STATE DEPARTMENT OF LICENSING EMPLOYEE SENTENCED TO PRISON FOR SELLING DRIVERS LICENSES
Federal Way Employee Conspired with Others to Sell Licenses to Brazilian Nationals Who Failed Driving Tests
ZAGARI SHUNTA MOORE, 37, of Federal Way, Washington was sentenced today in U.S. District Court in Seattle to a year and a day in prison and three years of supervised release for Conspiracy to Commit Document Fraud. MOORE, an employee at the Washington State Department of Licensing, sold Washington Driver’s Licenses to more than 238 people who did not pass the required driver’s license tests. Many of the applicants were Brazilian nationals who were in the U.S. illegally. MOORE remains on paid administrative leave from the State Department of Licensing. At sentencing U.S. District Judge James L. Robart stated he could find “no motivation for the crime other than MOORE’s desire to profit from his position of public trust.”
According to documents filed in the case, MOORE was allegedly paid $250 to provide a drivers license to applicants who could not pass the driving test. Investigators with the Department of Licensing determined that MOORE was altering computer records regarding test scores. In asking for a significant sentence Assistant United States Attorney Ye-Ting Woo noted to the court that MOORE had put the public at risk. “By issuing fraudulently obtained drivers licenses, (MOORE) has placed in jeopardy the safety of the citizens of Washington State, as well as other states where the applicants now reside and drive,” Ms. Woo wrote in her sentencing memo.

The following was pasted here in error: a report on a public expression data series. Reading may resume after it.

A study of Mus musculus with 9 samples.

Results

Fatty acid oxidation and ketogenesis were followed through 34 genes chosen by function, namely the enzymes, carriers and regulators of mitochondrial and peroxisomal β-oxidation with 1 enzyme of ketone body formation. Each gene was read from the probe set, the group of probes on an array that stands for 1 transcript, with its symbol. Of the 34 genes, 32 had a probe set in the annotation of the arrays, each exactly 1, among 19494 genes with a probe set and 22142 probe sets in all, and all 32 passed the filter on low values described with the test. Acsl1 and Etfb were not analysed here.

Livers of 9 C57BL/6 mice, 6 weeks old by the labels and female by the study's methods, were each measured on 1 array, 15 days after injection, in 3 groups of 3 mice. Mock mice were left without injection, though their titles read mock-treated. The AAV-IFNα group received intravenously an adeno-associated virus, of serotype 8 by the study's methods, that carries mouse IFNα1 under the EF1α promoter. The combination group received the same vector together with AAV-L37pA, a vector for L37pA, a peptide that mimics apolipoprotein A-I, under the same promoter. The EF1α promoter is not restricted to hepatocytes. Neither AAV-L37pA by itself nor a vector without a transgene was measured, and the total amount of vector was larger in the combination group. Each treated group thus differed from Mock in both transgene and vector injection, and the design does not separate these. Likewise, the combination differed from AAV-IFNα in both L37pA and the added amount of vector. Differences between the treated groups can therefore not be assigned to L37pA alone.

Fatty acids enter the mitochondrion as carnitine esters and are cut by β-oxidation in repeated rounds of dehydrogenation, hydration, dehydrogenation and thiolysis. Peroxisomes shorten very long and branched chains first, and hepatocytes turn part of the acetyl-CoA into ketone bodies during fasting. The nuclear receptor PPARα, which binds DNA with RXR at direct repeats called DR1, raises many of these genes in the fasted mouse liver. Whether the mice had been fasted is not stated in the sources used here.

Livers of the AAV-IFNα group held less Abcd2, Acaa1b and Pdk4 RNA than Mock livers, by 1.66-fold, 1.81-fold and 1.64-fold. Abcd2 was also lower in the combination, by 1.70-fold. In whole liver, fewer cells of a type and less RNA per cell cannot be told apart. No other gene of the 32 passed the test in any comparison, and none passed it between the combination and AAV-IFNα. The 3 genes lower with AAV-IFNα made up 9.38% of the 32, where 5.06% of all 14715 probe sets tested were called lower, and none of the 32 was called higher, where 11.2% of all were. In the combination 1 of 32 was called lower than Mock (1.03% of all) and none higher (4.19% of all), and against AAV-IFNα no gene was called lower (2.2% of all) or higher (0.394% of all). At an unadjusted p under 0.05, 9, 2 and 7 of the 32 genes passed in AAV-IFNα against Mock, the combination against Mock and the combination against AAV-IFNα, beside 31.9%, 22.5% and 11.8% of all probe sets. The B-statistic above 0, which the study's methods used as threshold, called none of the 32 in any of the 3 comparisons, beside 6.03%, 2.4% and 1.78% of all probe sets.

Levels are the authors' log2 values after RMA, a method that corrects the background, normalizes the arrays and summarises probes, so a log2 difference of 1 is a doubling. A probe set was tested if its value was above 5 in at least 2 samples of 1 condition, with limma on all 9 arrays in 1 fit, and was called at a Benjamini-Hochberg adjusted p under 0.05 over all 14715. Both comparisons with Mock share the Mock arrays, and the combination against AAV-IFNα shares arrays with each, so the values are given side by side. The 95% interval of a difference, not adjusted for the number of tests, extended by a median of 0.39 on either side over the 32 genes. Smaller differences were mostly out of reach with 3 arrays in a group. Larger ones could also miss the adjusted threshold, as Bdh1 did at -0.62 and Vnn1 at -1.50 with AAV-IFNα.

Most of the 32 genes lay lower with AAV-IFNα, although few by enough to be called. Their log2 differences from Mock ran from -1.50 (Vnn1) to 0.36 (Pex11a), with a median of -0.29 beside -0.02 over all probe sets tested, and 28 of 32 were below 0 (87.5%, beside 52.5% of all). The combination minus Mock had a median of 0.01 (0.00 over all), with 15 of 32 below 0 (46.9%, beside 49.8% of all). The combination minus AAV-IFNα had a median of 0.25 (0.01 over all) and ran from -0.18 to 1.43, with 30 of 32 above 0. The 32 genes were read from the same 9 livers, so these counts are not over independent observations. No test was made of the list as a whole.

In addition to MOORE, three other co-conspirators have pleaded guilty and been sentenced in connection with the scheme. Mauro Martins, 45, and his wife Sonia Regina Hoffman, 47, both of Kirkland, Washington and Jackson Ronaldo Da Conceicao, 31, of Boston, Massachusetts, were all involved in recruiting and assisting Brazilian nationals who traveled to Seattle to get Washington drivers licenses. On February 20, 2007, Martins was sentenced to six months in prison and three years of supervised release, Hoffman was sentenced to three years of probation with six months of home detention, and Da Conceicao was sentenced to 155 days in prison and three years of supervised release.
At today’s sentencing hearing Department of Licensing investigator Cheri Tinney described having to check every license MOORE issued over a nine month period. The Department of Licensing cancelled 238 licenses for fraud. Tinney told the judge, “Individuals who were unable to pass the test are driving on roads” in Washington and other states.
Judge Robart noted that MOORE served honorably in the military for 12 years prior to his time as a public employee at the Department of Corrections and later the Department of Licensing. “The defendant has lived with notions of duty and honor.... Now he has taken filthy lucre in betrayal of public trust,” the Judge said. Judge Robart expressed concern that the case will erode public confidence in the Department of Licensing.
This case was investigated by the Washington State Department of Licensing and U.S. Immigration and Customs Enforcement (ICE). The case was prosecuted by Assistant United States Attorney Ye-Ting Woo.
For additional information please contact Emily Langlie, Public Affairs Officer for the United States Attorney’s Office, at (206) 553-4110.